History provides us lessons as U.S. sets out after bin Laden

September 19, 2001|By Gregory Kane

THAT OLD, defunct, departed Soviet Union is starting to look darned good right about now, isn't it? Come on, admit it. Don't you miss that band of old fuddy-duddy Stalinists running the Kremlin?

As least Americans knew what the Soviets would or wouldn't do at any given moment. Compare them with Osama bin Laden and his band of fanatical cohorts, worshippers, followers and imitators. We don't know what they'll do next. Nor do we know when, where, why or how. That's the most nerve-wracking thing about fighting terrorism.

Bin Laden owes his place of infamy on today's world scene in part to this country -- whose World Trade Center and Pentagon he is the prime suspect in bombing. In the late 1970s and 1980s, bin Laden fought with the mujahadeen in Afghanistan who wore out Soviet occupation troops and sent them packing back to Moscow. The United States funded the mujahadeen in that war. When it ended, bin Laden felt he had destroyed what he termed "the myth of the superpower." Out went the Soviets and, within years, in walked the Taliban.

Boy, we sure backed the right horse in that war, didn't we? In 1946, we supported the French in their attempt to recolonize Indochina. They limped away in defeat eight years later at some place called Dien Bien Phu, but we were ready to pick up where they left off. We came to regret our folly years later.

In the early 1990s, President George Herbert Walker Bush urged us to go to war and fight Iraqi aggression against Kuwait. Few remember that the man we considered the villain, Iraqi President Saddam Hussein, had taken our money and military equipment for his war against those evil ayatollahs in Iran. We had to defeat an Iraqi war machine we had helped build.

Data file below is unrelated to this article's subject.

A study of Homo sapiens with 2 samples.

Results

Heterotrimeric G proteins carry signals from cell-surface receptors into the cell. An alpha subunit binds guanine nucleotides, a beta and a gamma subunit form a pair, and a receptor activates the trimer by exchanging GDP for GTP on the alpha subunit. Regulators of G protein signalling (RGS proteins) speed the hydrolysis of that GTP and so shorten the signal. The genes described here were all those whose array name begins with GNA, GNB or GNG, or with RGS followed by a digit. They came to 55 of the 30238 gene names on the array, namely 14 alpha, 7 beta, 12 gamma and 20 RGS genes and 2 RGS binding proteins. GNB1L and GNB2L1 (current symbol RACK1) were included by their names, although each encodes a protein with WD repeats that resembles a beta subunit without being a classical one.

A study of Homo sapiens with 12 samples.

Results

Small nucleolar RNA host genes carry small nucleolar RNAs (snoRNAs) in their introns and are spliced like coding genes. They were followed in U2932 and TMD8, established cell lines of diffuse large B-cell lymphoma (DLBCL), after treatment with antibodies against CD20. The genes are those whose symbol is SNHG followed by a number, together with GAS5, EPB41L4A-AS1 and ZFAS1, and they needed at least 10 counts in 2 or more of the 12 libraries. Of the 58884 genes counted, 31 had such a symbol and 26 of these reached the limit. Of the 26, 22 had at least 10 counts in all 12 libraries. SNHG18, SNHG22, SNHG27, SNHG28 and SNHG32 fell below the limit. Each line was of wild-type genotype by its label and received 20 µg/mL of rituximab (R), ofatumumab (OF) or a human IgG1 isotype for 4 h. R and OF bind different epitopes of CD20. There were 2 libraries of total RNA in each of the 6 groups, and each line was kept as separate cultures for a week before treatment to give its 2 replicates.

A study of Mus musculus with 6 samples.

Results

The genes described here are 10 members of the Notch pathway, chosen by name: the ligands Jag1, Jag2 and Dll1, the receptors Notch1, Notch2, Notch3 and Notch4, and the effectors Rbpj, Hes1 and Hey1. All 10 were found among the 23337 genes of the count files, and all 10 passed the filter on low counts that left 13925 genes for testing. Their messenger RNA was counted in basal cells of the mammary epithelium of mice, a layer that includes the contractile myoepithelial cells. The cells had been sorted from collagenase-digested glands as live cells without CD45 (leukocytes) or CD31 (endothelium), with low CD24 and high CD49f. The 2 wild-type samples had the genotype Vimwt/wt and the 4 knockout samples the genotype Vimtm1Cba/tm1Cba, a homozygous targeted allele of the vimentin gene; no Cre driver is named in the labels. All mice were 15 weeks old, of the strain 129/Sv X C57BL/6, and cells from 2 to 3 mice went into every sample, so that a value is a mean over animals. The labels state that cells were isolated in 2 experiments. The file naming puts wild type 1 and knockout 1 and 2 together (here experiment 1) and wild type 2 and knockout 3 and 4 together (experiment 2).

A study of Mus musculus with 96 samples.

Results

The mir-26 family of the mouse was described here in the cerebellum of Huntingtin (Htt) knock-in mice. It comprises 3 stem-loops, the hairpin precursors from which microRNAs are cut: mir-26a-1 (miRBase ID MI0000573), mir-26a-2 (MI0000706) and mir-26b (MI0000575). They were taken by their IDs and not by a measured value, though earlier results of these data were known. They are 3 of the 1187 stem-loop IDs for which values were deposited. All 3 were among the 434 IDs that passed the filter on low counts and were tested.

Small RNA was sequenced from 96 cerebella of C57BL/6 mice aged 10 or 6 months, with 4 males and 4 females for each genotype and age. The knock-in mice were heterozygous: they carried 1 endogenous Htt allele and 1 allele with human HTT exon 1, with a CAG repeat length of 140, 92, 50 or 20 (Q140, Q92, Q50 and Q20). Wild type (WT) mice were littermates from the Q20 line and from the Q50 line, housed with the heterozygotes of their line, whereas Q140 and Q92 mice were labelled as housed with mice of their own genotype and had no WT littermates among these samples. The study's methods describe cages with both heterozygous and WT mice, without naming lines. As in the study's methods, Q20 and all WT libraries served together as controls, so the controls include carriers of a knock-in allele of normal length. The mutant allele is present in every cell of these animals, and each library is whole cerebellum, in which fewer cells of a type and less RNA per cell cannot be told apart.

So that we don't make the same mistake, perhaps we should urge our leaders to look before they leap this time. We don't want to shoot ourselves in the foot again, especially since this time it may be literal.

President George W. Bush said that the United States wants bin Laden "dead or alive." I don't object to the sentiment. Bin Laden dead would work perfectly fine for me. But how do we get him? Bomb Afghanistan? We could, but it's already been done.

The Soviets did it in their failed occupation. A civil war has raged between the Taliban and their opponents, which led to more bombing. A commentator on BBC America said there is not much infrastructure left in Afghanistan to bomb and that raining death and destruction from the sky is not a sure way to either harm the Taliban or get to bin Laden.

We would most certainly kill some Afghans who oppose the Taliban and have suffered the most under their four-year rule. They would be better off without the Taliban or bin Laden. So an alternate approach, one we should pray won't come back years later to bite us in the caboose, would be to arm, to the teeth, the anti-Taliban rebels. Provide air cover for them against Taliban forces when necessary. Give them the job of getting rid of the Taliban and tracking down bin Laden. All we ask is that when they get him, he's ours.

That's the word of advice for the government. Now, for some advice to the news media: Let's all resolve to tell the entire story, shall we?

We made much last week of the fact that some Palestinians danced in the streets and celebrated when they heard of the WTC-Pentagon attacks. As usual -- and this is one of the many good things about America -- skeptics among us questioned the pictures. Some said the images were from footage taken in 1991 when the Palestinians celebrated Saddam Hussein's invasion of Kuwait and Saudi Arabia.

But the Rev. Sandra Olewine, the United Methodist liaison in Jerusalem, expressed dismay about the lack of pictures of those Palestinians who were revolted and horrified by the attack and expressed their sorrow and sympathy for Americans.

"Yes, there were some gatherings of people, particularly in Nablus," Olewine wrote, "who were shown in the very early hours of the horrible attacks in the U.S. on the street, dancing and cheering and passing out chocolate."

Missing, Olewine said, were those images of the 30 Palestinian Muslim schoolgirls who kept a quiet, somber candlelight vigil outside the American consulate. There were no reports of the Palestinians that Olewine says rang her phone off the hook with expressions of remorse and concern.

Olewine may be some smarmy, left-wing Palestinian sympathizer blowing smoke in our eyes. But in the bedlam of the last week, would it have been asking too much for at least one news organization to send reporters to Palestine and give a more balanced view of the reaction to the attacks there?